When I retired at age 67 and decided to fill some extra time by preparing for a triathlon, I ignored two facts: first, I had never learned to swim and, second, I hadn't been on a bicycle for over 30 years - and that last ride didn't end well.
It's four months later, and I just completed my first sprint tri on beautiful Captiva Island in Southwest Florida. This was the first Galloway Captiva Tri, with participants capped at 550. The event sold out five weeks early and was organized with impressive professionalism.
The weather was perfect in the early morning, warm but with unusually low humidity. The quarter mile swim was in the blue, calm waters of the Gulf of Mexico. Two weeks earlier, waves had been running at three to five feet with an undertow, so the conditions were a big relief. The race began at 7:09 am, just as the sun was rising. There were large orange buoys every 50 yards in the point to point swim, with the reassuring sight of kayaks between each buoy and boats hovering a little further out.
I swam slowly, having heard all the horror stories about getting kicked and swum over, but had little difficulty with the other swimmers. Women over 45 were in the first wave, which probably helped my comfort level. There was a brief but fairly steep climb up the beach to the transition area. T1 was slow, in part because I didn't have tri clothing and was trying to get some of the water off my Speedo bathing suit to put on running shorts and a tank top. I wrestled my bike off the rack after donning all the appropriate gear and took off.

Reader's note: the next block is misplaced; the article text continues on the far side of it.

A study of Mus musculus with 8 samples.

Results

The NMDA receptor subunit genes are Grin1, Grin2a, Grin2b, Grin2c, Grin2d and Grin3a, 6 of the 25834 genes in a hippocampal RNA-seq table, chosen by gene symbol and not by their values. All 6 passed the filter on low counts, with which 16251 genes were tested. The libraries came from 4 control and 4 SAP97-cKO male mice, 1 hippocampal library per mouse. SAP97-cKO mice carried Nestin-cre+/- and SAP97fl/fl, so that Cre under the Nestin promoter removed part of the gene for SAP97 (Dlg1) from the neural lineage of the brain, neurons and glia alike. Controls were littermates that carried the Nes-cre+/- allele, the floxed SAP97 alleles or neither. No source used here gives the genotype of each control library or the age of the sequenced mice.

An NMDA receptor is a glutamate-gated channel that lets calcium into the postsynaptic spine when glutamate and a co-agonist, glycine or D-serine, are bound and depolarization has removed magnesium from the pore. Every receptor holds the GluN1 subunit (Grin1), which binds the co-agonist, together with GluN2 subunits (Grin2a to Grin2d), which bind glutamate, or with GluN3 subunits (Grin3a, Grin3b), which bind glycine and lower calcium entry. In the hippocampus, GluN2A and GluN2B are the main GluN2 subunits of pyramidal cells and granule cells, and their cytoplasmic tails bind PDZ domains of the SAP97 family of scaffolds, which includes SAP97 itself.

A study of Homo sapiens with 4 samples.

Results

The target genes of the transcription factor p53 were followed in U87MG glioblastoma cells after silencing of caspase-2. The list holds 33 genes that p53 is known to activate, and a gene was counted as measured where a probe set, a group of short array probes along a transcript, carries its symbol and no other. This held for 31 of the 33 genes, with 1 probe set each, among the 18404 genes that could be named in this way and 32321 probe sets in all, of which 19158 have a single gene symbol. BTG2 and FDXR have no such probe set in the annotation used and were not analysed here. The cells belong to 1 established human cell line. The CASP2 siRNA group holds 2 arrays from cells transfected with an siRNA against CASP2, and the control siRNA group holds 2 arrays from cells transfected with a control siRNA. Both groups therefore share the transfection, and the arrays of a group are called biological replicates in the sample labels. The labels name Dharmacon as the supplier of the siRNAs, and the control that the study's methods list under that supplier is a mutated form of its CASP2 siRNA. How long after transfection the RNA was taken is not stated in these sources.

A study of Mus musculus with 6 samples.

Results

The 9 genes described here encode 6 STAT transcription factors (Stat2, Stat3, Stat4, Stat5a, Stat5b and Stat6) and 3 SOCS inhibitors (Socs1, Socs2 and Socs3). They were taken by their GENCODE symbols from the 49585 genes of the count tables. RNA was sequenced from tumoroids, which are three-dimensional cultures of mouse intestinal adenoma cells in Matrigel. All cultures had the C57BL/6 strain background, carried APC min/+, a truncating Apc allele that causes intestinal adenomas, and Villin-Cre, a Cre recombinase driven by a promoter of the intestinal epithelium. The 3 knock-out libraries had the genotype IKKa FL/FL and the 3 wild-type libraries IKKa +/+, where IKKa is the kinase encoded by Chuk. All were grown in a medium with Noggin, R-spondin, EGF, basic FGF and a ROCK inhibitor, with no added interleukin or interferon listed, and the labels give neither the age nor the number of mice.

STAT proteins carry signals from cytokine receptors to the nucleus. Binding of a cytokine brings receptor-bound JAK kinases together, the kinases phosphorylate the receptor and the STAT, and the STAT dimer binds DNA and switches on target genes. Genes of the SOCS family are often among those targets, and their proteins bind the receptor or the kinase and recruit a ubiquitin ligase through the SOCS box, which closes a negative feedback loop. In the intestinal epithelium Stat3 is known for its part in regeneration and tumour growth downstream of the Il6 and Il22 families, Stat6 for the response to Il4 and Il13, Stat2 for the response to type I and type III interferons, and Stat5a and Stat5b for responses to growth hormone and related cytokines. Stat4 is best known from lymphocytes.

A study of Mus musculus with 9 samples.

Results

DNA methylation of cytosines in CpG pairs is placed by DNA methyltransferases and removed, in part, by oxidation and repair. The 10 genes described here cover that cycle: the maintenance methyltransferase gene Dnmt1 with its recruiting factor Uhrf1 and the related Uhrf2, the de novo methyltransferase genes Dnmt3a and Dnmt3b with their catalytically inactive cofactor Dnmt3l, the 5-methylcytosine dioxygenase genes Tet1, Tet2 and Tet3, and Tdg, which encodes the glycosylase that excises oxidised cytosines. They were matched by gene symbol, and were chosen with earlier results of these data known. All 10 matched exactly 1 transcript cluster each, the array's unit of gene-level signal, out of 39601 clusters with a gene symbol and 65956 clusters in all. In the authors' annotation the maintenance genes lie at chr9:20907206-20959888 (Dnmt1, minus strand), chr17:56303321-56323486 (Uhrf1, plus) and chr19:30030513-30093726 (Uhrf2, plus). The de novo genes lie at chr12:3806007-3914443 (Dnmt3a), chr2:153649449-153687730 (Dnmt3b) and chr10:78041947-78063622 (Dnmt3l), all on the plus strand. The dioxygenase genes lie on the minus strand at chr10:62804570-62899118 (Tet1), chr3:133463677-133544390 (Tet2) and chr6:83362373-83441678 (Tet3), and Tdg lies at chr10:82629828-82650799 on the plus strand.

A word about my bike. Because of my fear of biking after my last disastrous riding experience, I had bought a used Trek Pure Sport hybrid when I started my training. I could sit upright and it was very stable. My husband called it my geezer bike, but it got me to love riding again. It's a heavy bike and not built for speed, but neither am I, so we were a good fit.
Off I went along Captiva Road with its breathtaking views of the water, for the 10-mile out and back trip. I was in a bit of a panic because I knew they were going to sweep the bike course at 8:15 to re-open the road, so I rode faster than my fitness and skill level warranted. The second five miles lasted forever, as almost everyone passed me and as hard as I tried, I rode slower and slower. I made it back to T2, but the sharp-eyed volunteers took a look at me and called the EMTs. After a 15 minute T2, and fluids, ice, blood pressure checks and questions about what year it was, I insisted on continuing to the run. Reluctantly, they let me go.
The run was a 5k, with two loops around a lush, beachfront golf course. The tail end of the triathletes were finishing their second loop as I started my first. I decided a fast walk was the best I could do, and I was joined periodically by the EMTs on bicycles, checking up on me, and the wonderful race director who came along on the back of the second loop to cheer me on.
I crossed the finish line last, but knowing how deep I had to reach to get to that point made me feel like a winner. However, next time, I'm planning to leave the honor of last to someone else.